Mark W. Hendrickson
There are two high-profile labor disputes in the news these days. One involves Wisconsin’s public-school teachers; the other, the National Football League's players. I mentioned this to a friend, who responded that the NFL dispute was more troublesome. The very idea of people making such high salaries possibly striking for more irked her. While I understand that sentiment, I believe that the dispute in Wisconsin is far more problematical. Here’s why:

I freely concede that teachers are far more valuable to society than pro-football players. Education is necessary; major league sports teams are not. Why, then, do jocks get paid so much more than teachers?

This question is a latter-day version of what was known a couple of centuries ago as “the paradox of value”—a paradox that economists didn’t resolve until the 1870s. The paradox was that an ounce of gold sold for a much higher price than a loaf of bread, even though the former was an optional ornamentation and the latter sustained life itself. Clearly, bread is more valuable. It is also, however, far more common than gold. The relative scarcity of gold accounts for its higher price. Today, the relative scarcity of men able to compete at the NFL level is why they get paid so much more than teachers, the latter of whom are far more abundant.

Many say that pro athletes don’t deserve to make so much money. I disagree. That is not to say that I regard athletes as more important than teachers. I don’t. Nor is it to say that we shouldn’t be concerned about the athlete-as-idol phenomenon in our culture. (The decline and fall of Rome was accompanied by a pagan obsession with musculature and physical contests.) It’s not that I don’t think tickets to NFL games are already too high. For my taste, they are, but that is irrelevant, because enough of my fellow citizens freely choose to pay those stiff prices and pay for those gaudy NFL salaries. Since nobody forces anybody to pay those ticket prices, who can object?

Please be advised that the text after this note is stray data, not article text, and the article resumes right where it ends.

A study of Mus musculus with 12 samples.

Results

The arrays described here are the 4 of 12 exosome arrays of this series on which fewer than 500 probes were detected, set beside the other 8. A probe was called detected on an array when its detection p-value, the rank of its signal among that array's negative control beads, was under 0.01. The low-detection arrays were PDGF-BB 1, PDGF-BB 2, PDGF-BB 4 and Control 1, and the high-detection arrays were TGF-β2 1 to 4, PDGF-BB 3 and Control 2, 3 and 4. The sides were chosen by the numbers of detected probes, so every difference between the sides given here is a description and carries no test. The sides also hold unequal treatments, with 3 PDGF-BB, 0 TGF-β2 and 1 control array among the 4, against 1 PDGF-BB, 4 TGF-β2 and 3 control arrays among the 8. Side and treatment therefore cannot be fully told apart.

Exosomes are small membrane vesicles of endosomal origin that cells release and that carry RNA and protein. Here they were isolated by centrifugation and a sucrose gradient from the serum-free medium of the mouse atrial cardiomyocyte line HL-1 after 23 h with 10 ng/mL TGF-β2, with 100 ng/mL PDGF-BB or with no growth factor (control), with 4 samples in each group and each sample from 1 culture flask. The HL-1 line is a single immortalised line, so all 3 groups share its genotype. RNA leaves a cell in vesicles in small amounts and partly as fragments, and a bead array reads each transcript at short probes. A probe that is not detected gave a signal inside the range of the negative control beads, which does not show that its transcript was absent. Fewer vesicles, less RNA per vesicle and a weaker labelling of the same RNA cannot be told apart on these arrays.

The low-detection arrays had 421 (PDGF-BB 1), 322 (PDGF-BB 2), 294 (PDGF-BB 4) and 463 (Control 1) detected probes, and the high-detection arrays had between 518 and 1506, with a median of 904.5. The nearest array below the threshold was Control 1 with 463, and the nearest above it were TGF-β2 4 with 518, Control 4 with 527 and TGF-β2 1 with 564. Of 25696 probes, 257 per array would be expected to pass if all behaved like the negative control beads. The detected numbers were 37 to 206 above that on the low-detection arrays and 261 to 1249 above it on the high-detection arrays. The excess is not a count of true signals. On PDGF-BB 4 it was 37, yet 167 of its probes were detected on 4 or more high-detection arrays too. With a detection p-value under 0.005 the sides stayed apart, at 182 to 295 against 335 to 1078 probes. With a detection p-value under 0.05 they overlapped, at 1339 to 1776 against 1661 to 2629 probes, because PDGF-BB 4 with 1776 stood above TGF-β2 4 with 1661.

Here are the main reasons why I have more sympathy for the NFL Players’ Association (NFLPA) than the Wisconsin teachers union (WEAC) in their respective labor disputes:

The NFL is highly competitive. Those who don’t perform at a very high level are quickly replaced. Superior performance is rewarded and underachievers are pink-slipped. The NFL is a meritocracy, and that commands respect. The teachers union, by contrast, is anticompetitive. The NEA and its affiliates have squandered much public goodwill by routinely protecting inferior teachers and resisting all efforts to reward exceptional performance.


Mark W. Hendrickson

Dr. Mark W. Hendrickson is an adjunct faculty member, economist, and fellow for economic and social policy with The Center for Vision & Values at Grove City College.